Yale Team Defeats 15 Other Schools to Win National Energy Finance Challenge
A team of five members of the Class of 2008 won the National Energy Finance Challenge at the University of Texas’s McCombs School of Business in Austin last month. The group — Akshay Dhiman, Ganga Kannan, Jeff Levi, Kate McGill, and Vinod Pathrose — defeated 15 other schools to claim the title, and the $8,000 prize money, at the third annual event.
The event was a marathon case study, followed by a grilling by the competition’s judges, who weren’t told which school each team represented. The SOM group — known as the Black Admirals, a nod to an early clandestine British survey of Saudi Arabian oil — received the case, authored by an employee at Chevron, on Tuesday September 11 at 6 p.m. and was required to have their answers to it ready by the same time two days later — in Austin. In that intervening period, the team members estimate they spent about 125 total hours working out solutions for a case that required them to evaluate the business opportunities and liabilities of a mid-tier energy company (called Indargo) operating in three fictitious Southeast Asian countries (Caltiga, Tuledor, and Gowan). “It was a no-sleep kind of thing,” said Levi.
The contest hinged on how well the teams created financial models for Indargo and the recommendations they made on how the company should proceed in each country, which were differentiated by conditions on the ground such as a socialist government or high AIDS rates and rampant corruption. “It was essentially realistic,” said Kannan. “It really forced us to know the industry. We had to know how the demand structure in Southeast Asia was changing, the role of national oil companies, the changing business model these companies are increasingly facing. We had to know the need for alternative fuels and how it was impacting the industry. They didn’t specifically ask for this but there was a clear expectation we had to embed this knowledge and apply it to the case at hand.”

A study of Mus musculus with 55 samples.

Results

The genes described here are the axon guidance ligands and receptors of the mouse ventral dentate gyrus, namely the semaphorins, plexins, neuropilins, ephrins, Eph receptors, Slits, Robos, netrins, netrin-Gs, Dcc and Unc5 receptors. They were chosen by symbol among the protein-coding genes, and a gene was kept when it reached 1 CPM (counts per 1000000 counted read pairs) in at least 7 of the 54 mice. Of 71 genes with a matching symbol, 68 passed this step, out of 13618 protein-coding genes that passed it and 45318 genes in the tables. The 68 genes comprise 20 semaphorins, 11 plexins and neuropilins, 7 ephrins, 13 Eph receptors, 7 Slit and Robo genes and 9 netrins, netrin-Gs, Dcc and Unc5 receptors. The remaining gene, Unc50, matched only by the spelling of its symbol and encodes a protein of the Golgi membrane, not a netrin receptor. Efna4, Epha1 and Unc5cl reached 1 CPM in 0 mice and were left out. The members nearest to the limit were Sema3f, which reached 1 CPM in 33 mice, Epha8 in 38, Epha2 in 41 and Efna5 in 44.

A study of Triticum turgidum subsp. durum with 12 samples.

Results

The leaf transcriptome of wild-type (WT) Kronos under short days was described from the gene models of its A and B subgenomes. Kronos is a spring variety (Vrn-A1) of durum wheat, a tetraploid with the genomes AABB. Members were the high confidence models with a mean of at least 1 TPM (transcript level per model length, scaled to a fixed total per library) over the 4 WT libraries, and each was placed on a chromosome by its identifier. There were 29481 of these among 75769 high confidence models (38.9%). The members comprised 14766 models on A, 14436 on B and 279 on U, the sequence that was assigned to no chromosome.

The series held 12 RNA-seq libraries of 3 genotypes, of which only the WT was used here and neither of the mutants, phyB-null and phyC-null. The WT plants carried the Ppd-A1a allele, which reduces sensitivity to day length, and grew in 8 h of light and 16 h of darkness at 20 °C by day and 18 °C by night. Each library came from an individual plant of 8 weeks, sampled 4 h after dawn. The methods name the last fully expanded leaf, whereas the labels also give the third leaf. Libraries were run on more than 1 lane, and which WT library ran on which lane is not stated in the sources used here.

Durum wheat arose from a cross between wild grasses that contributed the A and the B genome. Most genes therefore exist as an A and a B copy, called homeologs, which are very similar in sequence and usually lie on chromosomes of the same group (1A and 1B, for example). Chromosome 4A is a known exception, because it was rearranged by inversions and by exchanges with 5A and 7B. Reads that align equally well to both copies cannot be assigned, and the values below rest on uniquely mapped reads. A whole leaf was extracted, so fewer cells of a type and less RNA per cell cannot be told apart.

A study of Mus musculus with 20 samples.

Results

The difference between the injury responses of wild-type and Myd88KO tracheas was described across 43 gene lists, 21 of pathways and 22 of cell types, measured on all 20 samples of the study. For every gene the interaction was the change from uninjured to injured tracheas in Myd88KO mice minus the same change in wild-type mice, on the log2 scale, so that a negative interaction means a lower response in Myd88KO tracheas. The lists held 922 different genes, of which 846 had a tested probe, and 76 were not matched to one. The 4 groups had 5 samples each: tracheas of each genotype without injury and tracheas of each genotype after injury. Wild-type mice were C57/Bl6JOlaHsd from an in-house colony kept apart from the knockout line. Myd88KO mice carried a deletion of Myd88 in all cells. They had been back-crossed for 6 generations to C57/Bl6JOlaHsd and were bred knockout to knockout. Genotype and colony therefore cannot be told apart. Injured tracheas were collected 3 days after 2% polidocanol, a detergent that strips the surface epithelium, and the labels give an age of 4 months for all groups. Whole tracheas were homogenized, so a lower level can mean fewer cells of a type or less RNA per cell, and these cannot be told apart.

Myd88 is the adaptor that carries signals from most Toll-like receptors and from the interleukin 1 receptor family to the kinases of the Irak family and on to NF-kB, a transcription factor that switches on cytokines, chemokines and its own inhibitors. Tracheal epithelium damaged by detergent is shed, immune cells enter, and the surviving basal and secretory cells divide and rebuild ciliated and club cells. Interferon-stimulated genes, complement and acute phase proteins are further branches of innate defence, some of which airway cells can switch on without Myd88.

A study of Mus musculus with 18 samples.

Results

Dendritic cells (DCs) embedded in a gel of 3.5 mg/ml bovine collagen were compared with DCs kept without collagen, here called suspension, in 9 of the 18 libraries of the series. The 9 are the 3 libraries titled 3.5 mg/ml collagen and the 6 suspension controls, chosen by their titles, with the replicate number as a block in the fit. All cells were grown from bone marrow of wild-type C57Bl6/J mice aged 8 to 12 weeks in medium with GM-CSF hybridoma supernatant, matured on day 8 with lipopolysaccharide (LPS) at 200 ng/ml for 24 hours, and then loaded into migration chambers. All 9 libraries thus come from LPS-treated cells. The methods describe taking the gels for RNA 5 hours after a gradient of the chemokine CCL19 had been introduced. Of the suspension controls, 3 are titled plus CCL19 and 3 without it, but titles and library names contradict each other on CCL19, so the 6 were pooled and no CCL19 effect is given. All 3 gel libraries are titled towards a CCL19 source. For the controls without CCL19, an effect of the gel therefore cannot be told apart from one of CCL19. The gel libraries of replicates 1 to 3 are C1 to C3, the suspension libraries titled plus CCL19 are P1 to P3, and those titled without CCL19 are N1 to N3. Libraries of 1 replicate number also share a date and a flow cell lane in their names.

The competition was broken down into two rounds, with four teams advancing to the finals. Yale came in first, followed by Harvard Business School, Purdue, and Northwestern’s Kellogg School. “The judges said the logic of our strategy was much stronger,” said Pathrose. “Another team argued that the company should sell its best refinery and build a bio-diesel facility. I think we were more sensitive to the business issues than some of the other teams.”
One recommendation by the SOM team was to take the bio-surplus (soybeans) of one of the countries, and move it offshore to a facility that would turn it into a lubricant. The idea was that they could utilize the resource while creating leverage if the country threatened to nationalize the oil industry. “It worked out well for the country, worked out well for the environment, and it worked out well for us,” said McGill.
The members of the group say they benefited from the fact that they were not all headed into the energy sector, with the team assembled to be well-rounded rather than especially deep in one area. And since the finals consisted of a presentation before the judges, who then questioned them, they chose to each learn every part of the case rather than just focusing on one part — a strategy that differentiated them from some of the other teams. “Jeff and Akshay did most of the finance but they made sure we could all answer those questions,” said McGill. “And then we practiced grilling each other. We actually anticipated a lot of the questions the judges asked. It was no sweat to be able to throw the answers out.”
“Of all the groups we came across the most as a group, a team of five, rather than a bunch of individuals,” added Levi.
Doing well at an energy competition translated to immediate interest from energy companies. Chevron, ExxonMobil, Merrill Lynch commodities, and McKinsey — all co-sponsors of the event — had recruiters there looking for potential hires. “We were all offered multiple jobs,” said Pathrose.
“It was part competition, part recruitment festival,” said Kannan.
For Levi, the win marked the second high-profile victory in the last couple months. On August 22 he was part of the team that won the CNBC FastMoney MBA Challenge. Yale SOM defeated Texas in the finals of that competition. Texas not only hosted the Energy Challenge, but also sent a team to compete. “They’re probably a little sick of me by now,” Levi said. “But they put on a great competition. It was a great experience for all of us.”